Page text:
Introducing red clover into swards could be the solution to minimising purchased feeds and boosting lamb performance and quality.
Red clover fixes substantial quantities of nitrogen significantly increasing the feed value to home-grown forage as well as improving soil structure, says EBLEX beef and sheep scientist Liz Genever.
“Trials at Aberystwyth have shown improvemnts of more than 25% in the daily growth rate of weaned lambs grazing red clover aftermaths rather than ryegrass swards, leading to more rapid finishing,” explains Dr Genever.
At the same time, the red clover grazing also increased muscle depth, cold carcass weight and killing out percentage.”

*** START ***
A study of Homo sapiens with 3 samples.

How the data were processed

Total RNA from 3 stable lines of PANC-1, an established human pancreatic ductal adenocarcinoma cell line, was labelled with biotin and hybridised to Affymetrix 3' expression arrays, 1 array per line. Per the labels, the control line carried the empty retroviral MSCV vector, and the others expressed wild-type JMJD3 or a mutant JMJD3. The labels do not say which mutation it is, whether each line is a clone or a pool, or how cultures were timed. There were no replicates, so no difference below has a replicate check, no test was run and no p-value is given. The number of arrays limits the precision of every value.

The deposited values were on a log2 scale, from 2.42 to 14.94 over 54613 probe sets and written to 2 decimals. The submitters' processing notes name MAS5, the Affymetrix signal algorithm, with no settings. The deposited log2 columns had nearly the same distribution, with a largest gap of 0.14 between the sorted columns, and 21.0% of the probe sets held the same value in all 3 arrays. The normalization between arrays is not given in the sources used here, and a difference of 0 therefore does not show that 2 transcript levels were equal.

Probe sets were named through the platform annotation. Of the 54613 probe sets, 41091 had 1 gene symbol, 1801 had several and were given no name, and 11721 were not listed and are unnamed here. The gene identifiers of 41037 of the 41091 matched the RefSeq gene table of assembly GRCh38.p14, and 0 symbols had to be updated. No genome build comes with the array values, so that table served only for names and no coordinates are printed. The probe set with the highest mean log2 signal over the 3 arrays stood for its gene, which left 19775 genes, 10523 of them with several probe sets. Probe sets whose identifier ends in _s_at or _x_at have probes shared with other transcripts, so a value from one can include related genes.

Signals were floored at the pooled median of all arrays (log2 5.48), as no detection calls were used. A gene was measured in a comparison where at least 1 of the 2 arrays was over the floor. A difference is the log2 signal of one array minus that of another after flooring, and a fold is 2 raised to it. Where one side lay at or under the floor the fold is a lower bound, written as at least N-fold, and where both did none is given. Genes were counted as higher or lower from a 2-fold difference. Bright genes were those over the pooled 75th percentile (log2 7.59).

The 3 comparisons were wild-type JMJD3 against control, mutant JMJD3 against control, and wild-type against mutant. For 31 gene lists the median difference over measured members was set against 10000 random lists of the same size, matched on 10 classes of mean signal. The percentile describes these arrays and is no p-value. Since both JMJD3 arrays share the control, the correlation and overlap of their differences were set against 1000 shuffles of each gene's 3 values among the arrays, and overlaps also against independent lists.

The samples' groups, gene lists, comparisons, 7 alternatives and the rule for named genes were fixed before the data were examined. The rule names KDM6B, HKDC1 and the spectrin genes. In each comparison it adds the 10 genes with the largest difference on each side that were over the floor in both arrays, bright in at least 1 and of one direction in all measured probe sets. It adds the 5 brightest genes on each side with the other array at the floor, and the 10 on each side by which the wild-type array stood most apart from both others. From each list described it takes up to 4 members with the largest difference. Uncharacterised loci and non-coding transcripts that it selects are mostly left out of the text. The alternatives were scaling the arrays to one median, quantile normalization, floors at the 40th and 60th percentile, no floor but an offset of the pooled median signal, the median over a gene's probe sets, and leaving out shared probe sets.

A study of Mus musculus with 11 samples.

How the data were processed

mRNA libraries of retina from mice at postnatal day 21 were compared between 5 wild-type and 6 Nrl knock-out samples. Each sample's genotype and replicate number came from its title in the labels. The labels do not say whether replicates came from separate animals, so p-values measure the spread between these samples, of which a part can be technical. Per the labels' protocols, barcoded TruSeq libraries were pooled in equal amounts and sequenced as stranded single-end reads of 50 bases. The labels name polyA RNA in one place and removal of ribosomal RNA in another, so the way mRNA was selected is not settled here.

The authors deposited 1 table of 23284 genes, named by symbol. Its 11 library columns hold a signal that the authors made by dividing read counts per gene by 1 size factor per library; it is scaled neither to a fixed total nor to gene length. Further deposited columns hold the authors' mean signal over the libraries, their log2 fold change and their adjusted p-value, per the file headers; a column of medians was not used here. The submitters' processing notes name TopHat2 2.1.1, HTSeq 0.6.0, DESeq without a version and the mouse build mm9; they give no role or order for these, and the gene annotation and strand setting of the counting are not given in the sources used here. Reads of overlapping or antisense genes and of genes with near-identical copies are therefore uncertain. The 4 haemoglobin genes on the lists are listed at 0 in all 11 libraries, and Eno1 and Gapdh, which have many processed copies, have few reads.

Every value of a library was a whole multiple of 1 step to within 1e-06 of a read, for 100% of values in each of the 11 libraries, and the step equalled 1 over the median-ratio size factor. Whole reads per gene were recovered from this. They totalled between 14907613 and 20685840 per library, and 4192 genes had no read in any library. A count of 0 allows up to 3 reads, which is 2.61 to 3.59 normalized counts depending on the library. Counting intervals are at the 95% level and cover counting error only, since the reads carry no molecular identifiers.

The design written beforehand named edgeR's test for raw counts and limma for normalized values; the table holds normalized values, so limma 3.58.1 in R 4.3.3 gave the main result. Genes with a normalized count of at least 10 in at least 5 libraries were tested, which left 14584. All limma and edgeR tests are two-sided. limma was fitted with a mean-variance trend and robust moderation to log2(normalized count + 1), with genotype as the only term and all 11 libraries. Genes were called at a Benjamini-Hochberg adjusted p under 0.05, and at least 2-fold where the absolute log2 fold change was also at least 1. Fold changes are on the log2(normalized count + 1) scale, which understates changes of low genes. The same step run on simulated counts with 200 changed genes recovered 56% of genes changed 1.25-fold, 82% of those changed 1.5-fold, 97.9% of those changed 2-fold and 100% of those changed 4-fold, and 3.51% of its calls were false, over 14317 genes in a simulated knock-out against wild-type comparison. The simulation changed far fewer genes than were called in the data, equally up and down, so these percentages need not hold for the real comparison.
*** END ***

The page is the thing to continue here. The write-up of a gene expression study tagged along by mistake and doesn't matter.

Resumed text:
And although red clover has historically been associated with ewe fertility concerns, Dr Genever stresses that ewe grazing should only be avoided in the six weeks before and after tupping.
“For the rest of the year, with silage and other stock, red clover grown in 3-4 year leys can make a major contribution to increasing economic and environmental productivity.”
For the best results, Dr Genever recommends:
- Growing modern varieties with hybrid or intermediate heading perennial ryegrasses;
- Sowing through to late July in a warm soil with a pH of 5-6.5 and P and K indices of 2;
- Applying no nitrogen but sufficient P and K to maintain soil indices of 2 or more;
- Cutting at 7-8 cm and minimising wheelings to avoid crown damage;
- Grazing down to a minimum of 6 cm and preventing poaching to avoid crown damage;
- Ensiling at no more than 30% DM to minimise field losses; and,
- Managing grazing stock access with care to avoid bloat problems.